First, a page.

Routine Capture of Structured Data Elements Provides Insight into Unique Dose-Toxicity Relationships in Irradiated Head and Neck (HN) Cancer Patients Abstract Poster

Scott Robertson, Radiation Oncology and Molecular Radiation Sciences

Poster

Purpose: To develop a framework for automatic extraction of clinically meaningful dosimetric-outcome relationships from an in-house, analytic oncology database.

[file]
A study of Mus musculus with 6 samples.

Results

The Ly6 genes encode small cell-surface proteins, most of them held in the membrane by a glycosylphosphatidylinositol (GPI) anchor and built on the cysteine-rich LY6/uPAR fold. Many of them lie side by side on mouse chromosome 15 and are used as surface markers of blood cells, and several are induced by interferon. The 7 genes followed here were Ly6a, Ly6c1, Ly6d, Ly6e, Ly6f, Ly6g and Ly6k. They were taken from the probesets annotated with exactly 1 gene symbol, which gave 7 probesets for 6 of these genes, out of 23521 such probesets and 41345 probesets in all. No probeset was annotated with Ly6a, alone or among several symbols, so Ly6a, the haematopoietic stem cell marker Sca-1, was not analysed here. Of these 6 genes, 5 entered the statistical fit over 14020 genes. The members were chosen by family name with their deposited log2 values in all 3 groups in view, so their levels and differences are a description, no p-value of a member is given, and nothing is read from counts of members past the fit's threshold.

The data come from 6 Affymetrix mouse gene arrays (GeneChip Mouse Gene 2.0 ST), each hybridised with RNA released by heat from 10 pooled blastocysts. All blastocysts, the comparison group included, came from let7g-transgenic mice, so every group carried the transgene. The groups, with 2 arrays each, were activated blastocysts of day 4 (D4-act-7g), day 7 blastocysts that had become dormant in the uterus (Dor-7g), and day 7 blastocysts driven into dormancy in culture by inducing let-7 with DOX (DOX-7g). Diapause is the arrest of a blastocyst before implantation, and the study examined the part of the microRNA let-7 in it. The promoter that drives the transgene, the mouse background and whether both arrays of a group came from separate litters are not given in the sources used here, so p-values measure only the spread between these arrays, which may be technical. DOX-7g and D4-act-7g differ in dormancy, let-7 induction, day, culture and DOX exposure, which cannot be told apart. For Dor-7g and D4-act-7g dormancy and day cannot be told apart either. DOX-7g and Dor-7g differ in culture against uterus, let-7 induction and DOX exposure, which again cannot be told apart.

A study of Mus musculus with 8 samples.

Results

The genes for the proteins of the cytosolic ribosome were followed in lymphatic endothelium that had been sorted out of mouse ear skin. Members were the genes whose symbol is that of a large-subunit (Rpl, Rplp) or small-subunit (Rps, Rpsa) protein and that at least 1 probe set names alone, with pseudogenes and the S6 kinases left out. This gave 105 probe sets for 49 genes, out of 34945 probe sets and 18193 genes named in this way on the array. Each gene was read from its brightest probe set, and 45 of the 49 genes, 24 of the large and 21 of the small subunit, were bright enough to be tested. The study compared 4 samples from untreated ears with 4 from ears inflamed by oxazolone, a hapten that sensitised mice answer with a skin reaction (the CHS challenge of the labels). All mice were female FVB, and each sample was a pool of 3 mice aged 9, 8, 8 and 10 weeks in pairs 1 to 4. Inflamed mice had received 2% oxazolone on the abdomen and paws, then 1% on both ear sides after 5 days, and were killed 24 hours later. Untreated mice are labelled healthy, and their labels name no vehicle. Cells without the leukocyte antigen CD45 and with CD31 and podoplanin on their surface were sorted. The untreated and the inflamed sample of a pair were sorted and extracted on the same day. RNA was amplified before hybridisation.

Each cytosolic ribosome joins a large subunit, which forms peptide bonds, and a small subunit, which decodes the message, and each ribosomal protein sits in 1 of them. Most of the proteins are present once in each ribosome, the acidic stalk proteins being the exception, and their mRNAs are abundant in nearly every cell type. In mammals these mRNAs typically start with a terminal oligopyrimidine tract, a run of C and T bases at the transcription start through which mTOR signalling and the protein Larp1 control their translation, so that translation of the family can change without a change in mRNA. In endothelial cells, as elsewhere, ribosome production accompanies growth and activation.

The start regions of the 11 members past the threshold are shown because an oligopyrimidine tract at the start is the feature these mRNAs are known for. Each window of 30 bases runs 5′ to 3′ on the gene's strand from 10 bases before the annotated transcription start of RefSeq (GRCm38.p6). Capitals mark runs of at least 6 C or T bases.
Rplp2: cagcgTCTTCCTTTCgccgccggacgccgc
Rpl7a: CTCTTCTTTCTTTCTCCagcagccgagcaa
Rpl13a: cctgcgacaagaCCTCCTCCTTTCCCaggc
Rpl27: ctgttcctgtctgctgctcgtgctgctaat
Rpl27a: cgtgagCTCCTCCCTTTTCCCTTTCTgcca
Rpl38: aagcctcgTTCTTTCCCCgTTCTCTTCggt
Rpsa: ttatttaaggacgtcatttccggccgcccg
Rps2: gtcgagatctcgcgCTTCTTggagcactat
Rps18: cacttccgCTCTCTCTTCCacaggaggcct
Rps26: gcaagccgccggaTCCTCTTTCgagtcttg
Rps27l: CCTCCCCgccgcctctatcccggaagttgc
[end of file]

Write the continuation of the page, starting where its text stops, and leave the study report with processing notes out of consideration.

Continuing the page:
Methods: Dose-volume histograms (DVH) and clinical outcome-related structured data elements have been routinely stored to our database for 592 head and neck cancer patients treated from 2007 to 2014. SQL queries were developed to extract outcomes assessed for at least 100 patients, as well as DVH curves for organs-at-risk (OAR) that were contoured for at least 100 patients. DVH curves for paired OAR (e.g., left and right parotids) were automatically combined and included as additional structures for analysis. For each OAR-outcome combination, DVH dose points, D(Vt), at a series of normalized volume thresholds, Vt=[0.00,1.00], were stratified into two groups based on toxicity severity. The probability, P[D(Vt)], of an outcome was modeled at each Vt by logistic regression. Notable combinations, defined as having an odds ratio ≥1.05 (p<0.05), were further evaluated for clinical relevance using a custom graphical interface. Results: A total of 57 individual and combined structures and 97 outcomes were queried. From all combinations, 17% resulted in significant regression models with an odds ratio ≥1.05. Further manual inspection revealed a number of reasonable models based on either reported literature or proximity between neighboring OAR. The data mining algorithm confirmed the following well-known OAR-dose/outcome relationships: dysphagia/larynx, voice changes/larynx, esophagitis/esophagus, xerostomia/parotid glands, and mucositis/oral mucosa. Other notable relationships included nausea/brainstem and nausea/spinal cord. Several surrogate relationships, defined as OAR not directly attributed to an outcome, were also observed, including esophagitis/larynx, mucositis/mandible, and xerostomia/mandible. Conclusions: Our database platform has enabled large-scale analysis of dose-outcome relationships. The current data-mining framework revealed both known and novel dosimetric and clinical relationships, underscoring the potential utility of this analytic approach. Multivariate models may be necessary to further evaluate the complex relationship between neighboring OARs and observed outcomes.